Not long ago, the amusing habit of grizzly bears rubbing their backs against a tree was assumed to be because these bruins were scratching an itch. But research is revealing that back rubbing bears have more to say.
An international team of 21 scientists investigated more than 350 compounds extracted from plants, fungi, and marine sponges to isolate potential precursors to antiviral drugs potentially effective against COVID-19 variants like omicron.
Omega-3 is essential for mental sharpness, but it spoils easily. That’s why researchers are coming up with new ways of encapsulating omega-3 fatty acids so astronauts can stay focused during long space flights.
Scientists are on a quest to create materials that mimic the sensory abilities of human skin for uses like the surfaces of robots and prosthetics. This skin-like salt-infused gel is a step towards that goal.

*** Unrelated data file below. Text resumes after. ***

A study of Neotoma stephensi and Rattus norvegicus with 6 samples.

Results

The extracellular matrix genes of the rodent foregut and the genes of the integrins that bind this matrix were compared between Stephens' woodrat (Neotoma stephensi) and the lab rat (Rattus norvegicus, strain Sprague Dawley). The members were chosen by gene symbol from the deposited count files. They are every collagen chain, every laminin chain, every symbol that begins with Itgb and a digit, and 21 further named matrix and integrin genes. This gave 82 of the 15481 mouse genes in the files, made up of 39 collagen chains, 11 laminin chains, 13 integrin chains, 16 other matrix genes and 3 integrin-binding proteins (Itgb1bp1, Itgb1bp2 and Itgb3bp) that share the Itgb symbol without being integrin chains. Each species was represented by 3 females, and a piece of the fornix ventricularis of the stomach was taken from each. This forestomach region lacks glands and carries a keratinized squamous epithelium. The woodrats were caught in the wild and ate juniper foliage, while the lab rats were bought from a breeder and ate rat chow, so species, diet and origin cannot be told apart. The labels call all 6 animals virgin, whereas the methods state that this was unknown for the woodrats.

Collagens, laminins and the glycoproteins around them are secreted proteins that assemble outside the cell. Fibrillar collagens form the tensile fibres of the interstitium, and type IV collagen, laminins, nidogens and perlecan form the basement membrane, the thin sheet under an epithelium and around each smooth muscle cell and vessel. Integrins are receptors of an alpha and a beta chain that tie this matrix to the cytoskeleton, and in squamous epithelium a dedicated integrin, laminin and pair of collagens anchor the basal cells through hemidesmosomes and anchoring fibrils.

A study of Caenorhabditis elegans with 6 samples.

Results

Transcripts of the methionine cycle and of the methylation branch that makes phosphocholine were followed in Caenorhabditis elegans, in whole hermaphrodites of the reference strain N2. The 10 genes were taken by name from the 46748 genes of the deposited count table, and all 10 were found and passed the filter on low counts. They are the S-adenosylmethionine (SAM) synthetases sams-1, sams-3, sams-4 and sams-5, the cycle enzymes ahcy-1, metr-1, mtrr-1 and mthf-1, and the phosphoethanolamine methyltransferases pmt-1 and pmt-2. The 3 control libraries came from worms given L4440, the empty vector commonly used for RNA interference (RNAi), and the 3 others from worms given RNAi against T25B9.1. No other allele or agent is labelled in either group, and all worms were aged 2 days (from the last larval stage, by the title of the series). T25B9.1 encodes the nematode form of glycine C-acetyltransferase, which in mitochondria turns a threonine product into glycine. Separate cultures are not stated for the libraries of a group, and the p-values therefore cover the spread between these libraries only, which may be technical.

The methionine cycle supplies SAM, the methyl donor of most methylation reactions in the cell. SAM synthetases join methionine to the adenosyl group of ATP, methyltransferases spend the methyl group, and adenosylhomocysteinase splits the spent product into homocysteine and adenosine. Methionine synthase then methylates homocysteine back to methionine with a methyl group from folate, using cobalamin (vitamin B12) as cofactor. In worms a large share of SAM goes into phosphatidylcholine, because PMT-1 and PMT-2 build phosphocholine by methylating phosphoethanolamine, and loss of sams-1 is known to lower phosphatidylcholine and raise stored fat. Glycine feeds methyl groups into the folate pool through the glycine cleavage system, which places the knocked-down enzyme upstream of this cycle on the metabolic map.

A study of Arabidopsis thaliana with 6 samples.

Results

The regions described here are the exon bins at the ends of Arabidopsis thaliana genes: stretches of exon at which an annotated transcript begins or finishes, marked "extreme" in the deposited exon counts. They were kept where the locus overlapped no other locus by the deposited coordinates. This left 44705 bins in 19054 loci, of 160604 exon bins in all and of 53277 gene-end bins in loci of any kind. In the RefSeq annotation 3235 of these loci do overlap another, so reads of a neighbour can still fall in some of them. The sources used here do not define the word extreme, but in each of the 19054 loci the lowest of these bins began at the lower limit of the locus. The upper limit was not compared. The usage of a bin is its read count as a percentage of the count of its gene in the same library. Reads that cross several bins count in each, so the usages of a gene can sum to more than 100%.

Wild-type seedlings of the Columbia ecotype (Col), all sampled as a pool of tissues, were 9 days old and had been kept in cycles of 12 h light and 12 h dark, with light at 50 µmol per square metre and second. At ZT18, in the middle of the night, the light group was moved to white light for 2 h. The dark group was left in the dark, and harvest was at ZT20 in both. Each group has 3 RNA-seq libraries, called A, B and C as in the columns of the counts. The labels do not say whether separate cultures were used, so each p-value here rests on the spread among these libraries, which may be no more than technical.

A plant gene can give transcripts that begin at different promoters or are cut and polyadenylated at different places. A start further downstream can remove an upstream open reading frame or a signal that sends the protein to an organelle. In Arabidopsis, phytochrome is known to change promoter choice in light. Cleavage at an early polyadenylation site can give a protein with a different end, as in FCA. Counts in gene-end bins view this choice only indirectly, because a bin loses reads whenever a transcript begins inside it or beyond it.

That question sparked the Carbon Fibre Grand Challenge sponsored by Alberta Innovates and the Clean Resource Innovation Network to accelerate carbon fibre development from petroleum waste products. Read on to find the answer.
Copper is a metal with antimicrobial properties known for centuries but is undergoing a renaissance of scientific interest in medicine. Lions Gate Hospital in North Vancouver is now keeping its many high touch surfaces clean with the help of this metal.
Sought after for their ability to repel water, grease, and oil, PFAS are a class of more than 4700 synthetic compounds used since the 1950s. One application poorly studied in North America is PFAS in cosmetics. A new study now shows just how much they contain.